18 May 2020 - Jason Thomas (Louisville Business First)
Kentucky’s economy continues to operate below pre-pandemic levels as employers struggle to fill open positions across the commonwealth.
That’s the takeaway from a recently released Kentucky Chamber of Commerce report.
“Kentucky’s Economic Recovery: A Quarterly Update of Workforce, Employment, State GDP, and Exports,” a partnership with the chamber and the University of Kentucky Center for Business and Economic Research, aims to take a deep dive into the commonwealth's economy as it works to rebuild, recover and get citizens back to work, according to a Kentucky Chamber of Commerce news release.
The goal of these regular, quarterly reports will be to inform the public, provide economic trends to business leaders as they make decisions and prepare lawmakers as they shape policy essential to the state’s economic recovery, the release stated.
“Things are looking much different today. Almost 2 million Kentuckians have received at least one dose of a Covid vaccine, restrictions are being phased out, and our positivity rate is down to just above 3 percent. This is welcome news for all Kentuckians as we continue the hard work of getting life back to ‘normal’ and rebuilding our economy,” Kentucky Chamber President and CEO Ashli Watts said in the release.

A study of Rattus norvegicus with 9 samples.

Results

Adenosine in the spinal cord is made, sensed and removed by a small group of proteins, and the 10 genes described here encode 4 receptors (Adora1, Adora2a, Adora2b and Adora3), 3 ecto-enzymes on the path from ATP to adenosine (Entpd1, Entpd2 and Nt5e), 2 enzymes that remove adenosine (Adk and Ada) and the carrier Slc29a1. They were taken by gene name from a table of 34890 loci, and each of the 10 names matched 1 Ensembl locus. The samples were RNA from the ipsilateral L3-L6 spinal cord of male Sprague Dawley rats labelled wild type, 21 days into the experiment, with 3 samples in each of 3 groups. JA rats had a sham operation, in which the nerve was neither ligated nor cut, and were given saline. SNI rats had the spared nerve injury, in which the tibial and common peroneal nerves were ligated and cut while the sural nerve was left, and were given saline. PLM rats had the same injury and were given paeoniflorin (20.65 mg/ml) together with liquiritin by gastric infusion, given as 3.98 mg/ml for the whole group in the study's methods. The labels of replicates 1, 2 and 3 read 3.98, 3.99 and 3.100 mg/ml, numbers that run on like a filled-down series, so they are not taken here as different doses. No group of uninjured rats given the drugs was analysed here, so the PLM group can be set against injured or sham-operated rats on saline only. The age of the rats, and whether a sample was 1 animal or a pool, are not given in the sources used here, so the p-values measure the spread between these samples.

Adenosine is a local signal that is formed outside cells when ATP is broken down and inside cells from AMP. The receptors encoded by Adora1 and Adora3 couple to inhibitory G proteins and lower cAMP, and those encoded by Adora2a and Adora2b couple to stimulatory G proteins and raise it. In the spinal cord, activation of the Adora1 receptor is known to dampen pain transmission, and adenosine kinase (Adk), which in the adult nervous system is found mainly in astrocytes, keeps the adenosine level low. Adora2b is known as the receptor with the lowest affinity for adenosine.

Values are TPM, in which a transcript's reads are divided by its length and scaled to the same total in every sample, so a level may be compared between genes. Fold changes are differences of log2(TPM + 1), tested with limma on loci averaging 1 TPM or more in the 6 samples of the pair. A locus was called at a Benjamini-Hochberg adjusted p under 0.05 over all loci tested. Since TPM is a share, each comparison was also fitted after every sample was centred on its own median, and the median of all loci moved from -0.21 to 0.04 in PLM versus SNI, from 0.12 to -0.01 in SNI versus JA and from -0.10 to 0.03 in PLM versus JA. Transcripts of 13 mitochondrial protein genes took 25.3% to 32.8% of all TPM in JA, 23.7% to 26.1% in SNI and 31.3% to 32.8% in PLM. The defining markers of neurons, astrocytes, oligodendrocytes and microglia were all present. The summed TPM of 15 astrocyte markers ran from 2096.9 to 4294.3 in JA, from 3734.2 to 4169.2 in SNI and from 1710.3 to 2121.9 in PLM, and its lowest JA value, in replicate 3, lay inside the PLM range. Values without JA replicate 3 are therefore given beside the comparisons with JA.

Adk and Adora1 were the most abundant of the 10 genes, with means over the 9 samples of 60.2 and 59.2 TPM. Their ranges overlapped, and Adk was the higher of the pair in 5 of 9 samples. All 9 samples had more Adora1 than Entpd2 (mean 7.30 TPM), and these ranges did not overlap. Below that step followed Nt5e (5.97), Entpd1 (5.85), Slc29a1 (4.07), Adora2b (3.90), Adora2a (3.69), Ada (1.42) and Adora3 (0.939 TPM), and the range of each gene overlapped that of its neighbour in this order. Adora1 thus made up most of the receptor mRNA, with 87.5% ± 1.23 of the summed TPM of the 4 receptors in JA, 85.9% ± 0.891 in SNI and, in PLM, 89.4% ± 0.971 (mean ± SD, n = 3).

“Workforce will be critical not only to our economic recovery but also to the Commonwealth’s competitiveness in the post-pandemic economy. I want to encourage policymakers to uses these reports to implement policies that support economic growth and workforce development.”
Highlights of the report include:
- Employment in Kentucky grew in the first quarter of 2021 but still remains below pre-pandemic levels.
- Kentucky’s gross domestic product continued to grow in the final quarter of 2020.
- The gap between Kentucky’s labor force participation (LFP) rate and the national rate is almost a full point wider than it was before the pandemic.
- Kentucky’s housing market continues to follow national and regional trends with fewer listings, faster sales and higher prices.
Kentucky’s LFP rate is typically lower than the nation’s rate, but the pandemic widened the gap, according to the report. In 2019, Kentucky’s rate was 3.9 percentage points lower on average than the U.S. rate. In March, the gap was 4.8 percentage points. The labor force participation rate is the percentage of the civilian noninstitutional population 16 years and older that is working or actively looking for work, according to the U.S. Bureau of Labor Statistics.
“The difference in LFP rates suggests that a larger share of workers who lost jobs during the recession are not looking for work in Kentucky compared to the rest of the nation,” the report states. “These individuals might not be looking for work for several reasons including lack of child-care, health and safety concerns, and enhanced unemployment insurance benefits.”